Benioff's Social Proof
This week's Salesforce presentation in New York sought to bring an end to the first chapter in the social CRM story. The early adopters are on board, so who's next? The early majority, according to CEO Marc Benioff, who set forth a detailed new plan to help companies answer lingering questions about social media's impact on leads, sales and customer relationships.
Salesforce came to New York this week for its annual winter meeting with customers. The company had two goals: test new ideas, and gather customer input.
The event was held at the Waldorf Astoria Hotel for a relatively small group -- less than 1,000 -- rather than at the Jacob Javits Convention Center, which can accommodate the maintenance facilities for a squadron of F18s. Intimacy, it was hoped, would drive better discussions.
Salesforce has been beating the social CRM drum pretty hard for the last two years. So right on schedule, Chairman and CEO Marc Benioff decided to reshuffle the deck. On Tuesday, Benioff introduced new messaging and a new prescription for companies wanting to get social.
Two years is about the shelf life of an idea like social for Salesforce. You only need to do a little archaeology to recall the changes over the company's life span -- from hosted to on-demand to SaaS to cloud computing to social -- to see what I mean. Benioff, however, is not changing the message just for fun; there is a serious purpose behind it.
Social was a catch-all phrase designed to grab the attention of early adopters. By my research, that's been very successful. Our data shows that executive decision makers in the enterprise and in smaller companies all understand that social is the next big thing. It will definitely reduce costs and boost revenues by a few points.
For enterprise class companies, that means real money. That's a message that early adopters have received, and Salesforce has some great names to prove its point: General Electric, Toyota, Burberry's and many others.
The Evolution of Social Business
The next step for a company in Salesforce's position is to leverage the early success by now enlisting the early majority. That's the next level of big companies that want to adopt new technology to capture some of the cost abatement and profits experienced by the early adopters.
The only hitch is that the early majority buyer typically wants more proof. Whereas the early adopter might have a C-level sponsor, the early majority will have a vice president or similar title making the charge. These people need proof, because they need to convince higher-ups that they should get some budget for the new gizmo.
Again, our research shows that the people in the early majority demographic are not sold yet. They might be leaning, but they also have questions: How do I do this? What are the security and legal ramifications? Which business processes are affected? And which ones should I start with?
Questions like these don't get answered with social pixie dust, which is why the second iteration of the social message largely does away with social as a term, replacing it with the more concrete How to Become a Customer Company.
Now we're cooking with gas. Becoming a more customer-centric company is an idea that's been around in various permutations, and is readily digestible by the target audience because it offers a more concrete deliverable. In discussing what it means to be a customer company, you can't pass go without checking in at better profits, lower costs and better customer retention.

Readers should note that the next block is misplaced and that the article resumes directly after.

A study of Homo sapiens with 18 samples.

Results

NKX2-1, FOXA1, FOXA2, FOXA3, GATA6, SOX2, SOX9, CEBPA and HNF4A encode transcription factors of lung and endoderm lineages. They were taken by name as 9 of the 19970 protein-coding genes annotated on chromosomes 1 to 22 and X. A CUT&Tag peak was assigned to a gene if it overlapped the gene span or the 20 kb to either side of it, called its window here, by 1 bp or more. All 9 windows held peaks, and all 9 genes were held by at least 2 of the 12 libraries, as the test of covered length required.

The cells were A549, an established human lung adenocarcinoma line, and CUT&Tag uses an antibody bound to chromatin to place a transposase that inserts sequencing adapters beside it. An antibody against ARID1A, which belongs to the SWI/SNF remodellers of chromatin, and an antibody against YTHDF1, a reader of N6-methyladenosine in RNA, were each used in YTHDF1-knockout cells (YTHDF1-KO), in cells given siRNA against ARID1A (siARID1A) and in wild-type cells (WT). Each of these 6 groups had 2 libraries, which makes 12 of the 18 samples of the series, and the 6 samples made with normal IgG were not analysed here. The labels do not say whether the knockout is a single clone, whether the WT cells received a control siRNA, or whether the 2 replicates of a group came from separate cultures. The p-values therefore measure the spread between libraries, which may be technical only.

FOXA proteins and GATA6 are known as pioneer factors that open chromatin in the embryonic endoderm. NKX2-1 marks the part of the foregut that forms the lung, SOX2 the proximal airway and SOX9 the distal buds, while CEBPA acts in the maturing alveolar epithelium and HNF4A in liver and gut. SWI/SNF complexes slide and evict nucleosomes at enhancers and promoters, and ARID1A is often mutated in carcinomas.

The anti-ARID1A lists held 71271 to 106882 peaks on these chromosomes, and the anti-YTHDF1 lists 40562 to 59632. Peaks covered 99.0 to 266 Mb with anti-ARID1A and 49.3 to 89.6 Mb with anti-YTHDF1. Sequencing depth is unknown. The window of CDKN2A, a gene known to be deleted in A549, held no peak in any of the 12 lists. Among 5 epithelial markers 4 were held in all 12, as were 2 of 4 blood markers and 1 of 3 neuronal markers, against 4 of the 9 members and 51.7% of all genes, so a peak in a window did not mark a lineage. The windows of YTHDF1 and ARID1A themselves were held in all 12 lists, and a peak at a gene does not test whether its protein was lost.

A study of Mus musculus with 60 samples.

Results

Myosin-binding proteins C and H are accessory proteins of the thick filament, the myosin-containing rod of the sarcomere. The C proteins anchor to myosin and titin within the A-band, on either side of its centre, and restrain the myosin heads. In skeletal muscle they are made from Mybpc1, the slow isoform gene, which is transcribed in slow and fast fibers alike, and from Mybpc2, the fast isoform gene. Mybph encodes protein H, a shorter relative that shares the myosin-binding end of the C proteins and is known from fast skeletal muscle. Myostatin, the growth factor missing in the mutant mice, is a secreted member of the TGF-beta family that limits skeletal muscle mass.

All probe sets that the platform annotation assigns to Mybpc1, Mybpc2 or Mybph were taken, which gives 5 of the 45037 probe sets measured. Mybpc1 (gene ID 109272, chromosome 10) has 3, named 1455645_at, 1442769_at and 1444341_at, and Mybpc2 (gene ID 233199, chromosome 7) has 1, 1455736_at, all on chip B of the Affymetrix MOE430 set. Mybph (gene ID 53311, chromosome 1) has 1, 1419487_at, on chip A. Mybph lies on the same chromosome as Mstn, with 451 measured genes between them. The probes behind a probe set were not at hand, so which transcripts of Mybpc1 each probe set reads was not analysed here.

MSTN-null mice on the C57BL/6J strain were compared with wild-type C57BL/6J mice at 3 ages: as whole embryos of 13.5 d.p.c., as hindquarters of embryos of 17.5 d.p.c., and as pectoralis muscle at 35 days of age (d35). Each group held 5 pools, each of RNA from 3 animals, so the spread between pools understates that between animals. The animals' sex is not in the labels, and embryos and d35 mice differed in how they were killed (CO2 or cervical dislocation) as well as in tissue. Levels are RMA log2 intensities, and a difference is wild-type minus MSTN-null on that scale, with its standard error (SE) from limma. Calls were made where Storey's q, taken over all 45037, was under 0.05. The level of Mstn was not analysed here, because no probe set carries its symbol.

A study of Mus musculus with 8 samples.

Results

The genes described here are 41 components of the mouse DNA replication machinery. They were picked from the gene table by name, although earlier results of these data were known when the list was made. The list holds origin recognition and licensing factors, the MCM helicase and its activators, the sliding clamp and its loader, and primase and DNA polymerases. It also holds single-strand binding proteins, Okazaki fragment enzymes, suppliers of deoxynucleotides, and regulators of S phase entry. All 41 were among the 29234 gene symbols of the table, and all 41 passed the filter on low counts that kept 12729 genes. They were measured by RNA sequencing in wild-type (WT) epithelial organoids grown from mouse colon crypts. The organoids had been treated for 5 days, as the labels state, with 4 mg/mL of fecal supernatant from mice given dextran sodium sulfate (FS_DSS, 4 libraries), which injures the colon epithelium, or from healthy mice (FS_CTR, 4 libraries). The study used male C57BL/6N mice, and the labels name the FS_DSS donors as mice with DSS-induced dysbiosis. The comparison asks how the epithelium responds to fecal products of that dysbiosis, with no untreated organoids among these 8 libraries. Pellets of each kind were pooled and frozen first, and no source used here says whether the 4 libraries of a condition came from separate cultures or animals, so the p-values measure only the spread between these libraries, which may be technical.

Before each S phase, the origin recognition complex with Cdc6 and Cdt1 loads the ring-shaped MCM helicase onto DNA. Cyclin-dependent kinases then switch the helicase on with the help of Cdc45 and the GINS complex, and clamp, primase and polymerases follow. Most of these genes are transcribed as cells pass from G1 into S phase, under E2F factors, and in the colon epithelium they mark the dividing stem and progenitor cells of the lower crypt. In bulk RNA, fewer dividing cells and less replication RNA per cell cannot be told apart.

I think Salesforce's efforts for the rest of the year -- through Dreamforce in December -- will continue to flesh out what it means to be a customer company.
Commonsense Suggestions for Success
One of the failures of most social messaging so far has been its single-minded approach: Buy our product and your problems are over! Few people buy into that idea, but that's where the market is at the moment. To his credit, Benioff has compiled a hefty list of things you can do -- with or without his products, though they do make life easier -- to get to customer nirvana.
In his New York presentation, Benioff unveiled a list of eight commonsense things you need to do to get to the new goal, including implementing technologies that enable a company to:
- Listen to every customer
- Engage on every channel
- Sell as a team
- Service customers everywhere
- Create communities
- Connect with partners
- Connect your products
- Deliver apps everywhere
Without going into elaborate detail on each, let me focus on connecting your products, which I believe will become the next big thing for social or customer companies.
You may have heard of this referred to by other phrases, such as the Internet of Things, and that's apt. There is huge potential in providing a better overall customer experience by paying more attention to the things that customers buy, rather than bothering them all the time with former NYC mayor Ed Koch's famous question: How am I doing?
If devices have relatively inexpensive sensors built into them that connect to the Internet and send a steady stream of performance data, then vendors will have the information they need and a legitimate reason for contacting customers.
A message such as "We think your engine will fail in a month or two" might not be what you want to hear. If this outreach, however, keeps you from being stranded or missing an important event, then with that message your vendor may successfully transition from an adversarial position of trying to sell you something else to a real partner in a relationship.
CRM bliss is made of such things.
To recap events at Salesforce in New York this week: New messaging, bigger ideas and pushing the ball forward to further improve the vendor-customer relationship, while offering the potential to reduce business friction and boost profits.